Google Doodle To Celebrate Kimchi Day. What is Kimchi?



The Google Doodle for the 22nd November pays tribute to kimchi, a traditional staple in North and South Korean cuisine. Today’s date is significant for this side dish because Koreans believe salting kimchi on this day helps it reach its full potential in flavour. Consisting of napa cabbage, green onion, fish sauce, red pepper flakes, rice flour, salt, ginger, radish, carrot and garlic, as depicted by Google, kimchi is fermented in a clay pot, otherwise known as ‘onggi’, and is regarded as a delicious dish around the world.


What is Kimchi? 

Google Doodle Today celebrate Kimchi on what is known as “Kimchi Day” in Korea! According to local research, the date is significant in this tasty treat’s creation because salting kimchi today helps the dish reach its full flavor potential.

Packing a powerful punch of napa cabbage, green onion, fish sauce, red pepper flakes, rice flour, salt, ginger, radish, carrot, and garlic, fermented kimchi in onggi (clay pot) is loved by many around the world and is traditionally eaten with chopsticks. Today’s Doodle celebrates each ingredient that goes into making some seriously scrumptious kimchi.

Kimchi was first referenced in Korea about 2,600-3,000 years ago, and in the 18th century, it was first made with chili peppers. Due to varying regional recipes, there are hundreds of different types of kimchi. Many Korean households even have a separate kimchi refrigerator!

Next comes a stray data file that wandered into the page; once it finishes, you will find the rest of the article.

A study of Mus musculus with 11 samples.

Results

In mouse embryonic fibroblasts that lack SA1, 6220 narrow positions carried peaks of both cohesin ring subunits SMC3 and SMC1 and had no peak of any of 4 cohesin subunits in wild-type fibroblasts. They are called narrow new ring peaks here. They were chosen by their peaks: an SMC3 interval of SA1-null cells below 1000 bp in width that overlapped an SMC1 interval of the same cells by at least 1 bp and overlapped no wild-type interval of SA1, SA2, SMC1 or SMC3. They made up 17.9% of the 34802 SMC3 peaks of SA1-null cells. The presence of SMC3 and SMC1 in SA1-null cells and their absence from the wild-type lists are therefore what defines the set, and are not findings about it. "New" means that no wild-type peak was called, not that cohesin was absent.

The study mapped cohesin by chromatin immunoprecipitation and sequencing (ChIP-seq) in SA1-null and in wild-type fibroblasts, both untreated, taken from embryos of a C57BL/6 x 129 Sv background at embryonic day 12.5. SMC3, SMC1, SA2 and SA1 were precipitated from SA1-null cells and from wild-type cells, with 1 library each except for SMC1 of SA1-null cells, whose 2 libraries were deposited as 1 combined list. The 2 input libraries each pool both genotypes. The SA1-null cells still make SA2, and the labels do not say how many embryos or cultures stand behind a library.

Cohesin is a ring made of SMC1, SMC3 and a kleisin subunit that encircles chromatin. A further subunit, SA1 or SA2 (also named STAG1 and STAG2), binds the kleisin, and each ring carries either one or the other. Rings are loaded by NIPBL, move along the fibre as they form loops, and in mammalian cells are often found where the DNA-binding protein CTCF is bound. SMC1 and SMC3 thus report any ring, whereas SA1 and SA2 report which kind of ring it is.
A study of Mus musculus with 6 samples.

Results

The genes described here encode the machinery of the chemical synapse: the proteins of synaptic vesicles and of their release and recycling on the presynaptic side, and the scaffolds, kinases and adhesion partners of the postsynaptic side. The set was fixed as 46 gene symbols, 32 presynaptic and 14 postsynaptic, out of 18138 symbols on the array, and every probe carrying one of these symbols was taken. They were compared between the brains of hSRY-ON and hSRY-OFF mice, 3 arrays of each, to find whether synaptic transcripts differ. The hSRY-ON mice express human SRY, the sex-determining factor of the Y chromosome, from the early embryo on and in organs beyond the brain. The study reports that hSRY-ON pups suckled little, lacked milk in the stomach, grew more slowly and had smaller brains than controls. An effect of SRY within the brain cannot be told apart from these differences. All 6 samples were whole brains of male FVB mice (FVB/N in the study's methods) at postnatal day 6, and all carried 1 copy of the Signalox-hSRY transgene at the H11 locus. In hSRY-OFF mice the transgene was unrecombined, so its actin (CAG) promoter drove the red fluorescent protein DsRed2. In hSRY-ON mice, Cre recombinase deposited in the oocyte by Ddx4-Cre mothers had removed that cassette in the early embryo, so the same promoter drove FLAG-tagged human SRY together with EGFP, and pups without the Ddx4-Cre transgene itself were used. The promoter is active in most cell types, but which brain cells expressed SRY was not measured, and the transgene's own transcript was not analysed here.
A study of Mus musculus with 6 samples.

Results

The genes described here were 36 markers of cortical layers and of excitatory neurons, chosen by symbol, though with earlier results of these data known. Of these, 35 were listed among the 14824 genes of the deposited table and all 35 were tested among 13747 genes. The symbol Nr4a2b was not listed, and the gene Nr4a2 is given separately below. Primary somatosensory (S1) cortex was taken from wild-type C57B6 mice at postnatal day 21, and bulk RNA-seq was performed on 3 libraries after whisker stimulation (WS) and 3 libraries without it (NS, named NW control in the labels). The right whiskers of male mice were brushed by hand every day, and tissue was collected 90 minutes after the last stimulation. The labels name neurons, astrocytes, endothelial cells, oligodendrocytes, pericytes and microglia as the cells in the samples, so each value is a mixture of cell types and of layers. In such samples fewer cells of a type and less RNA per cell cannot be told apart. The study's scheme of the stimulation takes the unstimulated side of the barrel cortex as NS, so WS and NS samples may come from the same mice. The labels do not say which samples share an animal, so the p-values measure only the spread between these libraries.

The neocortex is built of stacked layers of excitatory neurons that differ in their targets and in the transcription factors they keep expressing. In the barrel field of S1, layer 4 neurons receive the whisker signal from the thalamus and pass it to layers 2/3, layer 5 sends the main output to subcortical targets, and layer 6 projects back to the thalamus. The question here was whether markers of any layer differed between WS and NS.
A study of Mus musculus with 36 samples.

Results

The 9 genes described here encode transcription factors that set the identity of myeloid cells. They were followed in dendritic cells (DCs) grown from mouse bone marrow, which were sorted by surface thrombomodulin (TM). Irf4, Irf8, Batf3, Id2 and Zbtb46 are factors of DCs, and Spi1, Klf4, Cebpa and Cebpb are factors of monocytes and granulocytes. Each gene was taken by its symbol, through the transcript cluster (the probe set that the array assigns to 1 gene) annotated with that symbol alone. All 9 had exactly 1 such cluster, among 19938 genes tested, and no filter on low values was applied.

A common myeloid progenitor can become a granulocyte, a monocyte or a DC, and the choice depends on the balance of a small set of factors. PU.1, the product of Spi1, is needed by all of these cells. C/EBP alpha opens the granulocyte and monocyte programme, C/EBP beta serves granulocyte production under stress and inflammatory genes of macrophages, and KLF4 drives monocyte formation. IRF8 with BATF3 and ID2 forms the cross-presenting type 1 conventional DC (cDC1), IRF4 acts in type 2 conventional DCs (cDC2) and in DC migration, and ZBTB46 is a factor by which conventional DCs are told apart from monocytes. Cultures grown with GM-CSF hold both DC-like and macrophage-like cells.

The dish is produced in especially large amounts during November and December. This is when kimjang (kimchi curing) takes place in preparation for winter. During kimjang, cabbage is pickled by cutting it into smaller pieces, soaking it in brine overnight, and dashing salt. Then, yangnyum (radish coated in chili powder) is mixed with ingredients such as green onions, dropwort, mustard leaves, ginger, garlic, and fermented shrimp or anchovies. To complete the process, the pickled cabbage is stuffed or mixed with the yangnyum and stored away to ferment until eating.

During this time, family members and neighbors gather in each other’s kitchens to cook together, trade recipes, and share stories. Listed by UNESCO as an intangible cultural heritage, kimjang creates moments of joy and encourages living in harmony with nature.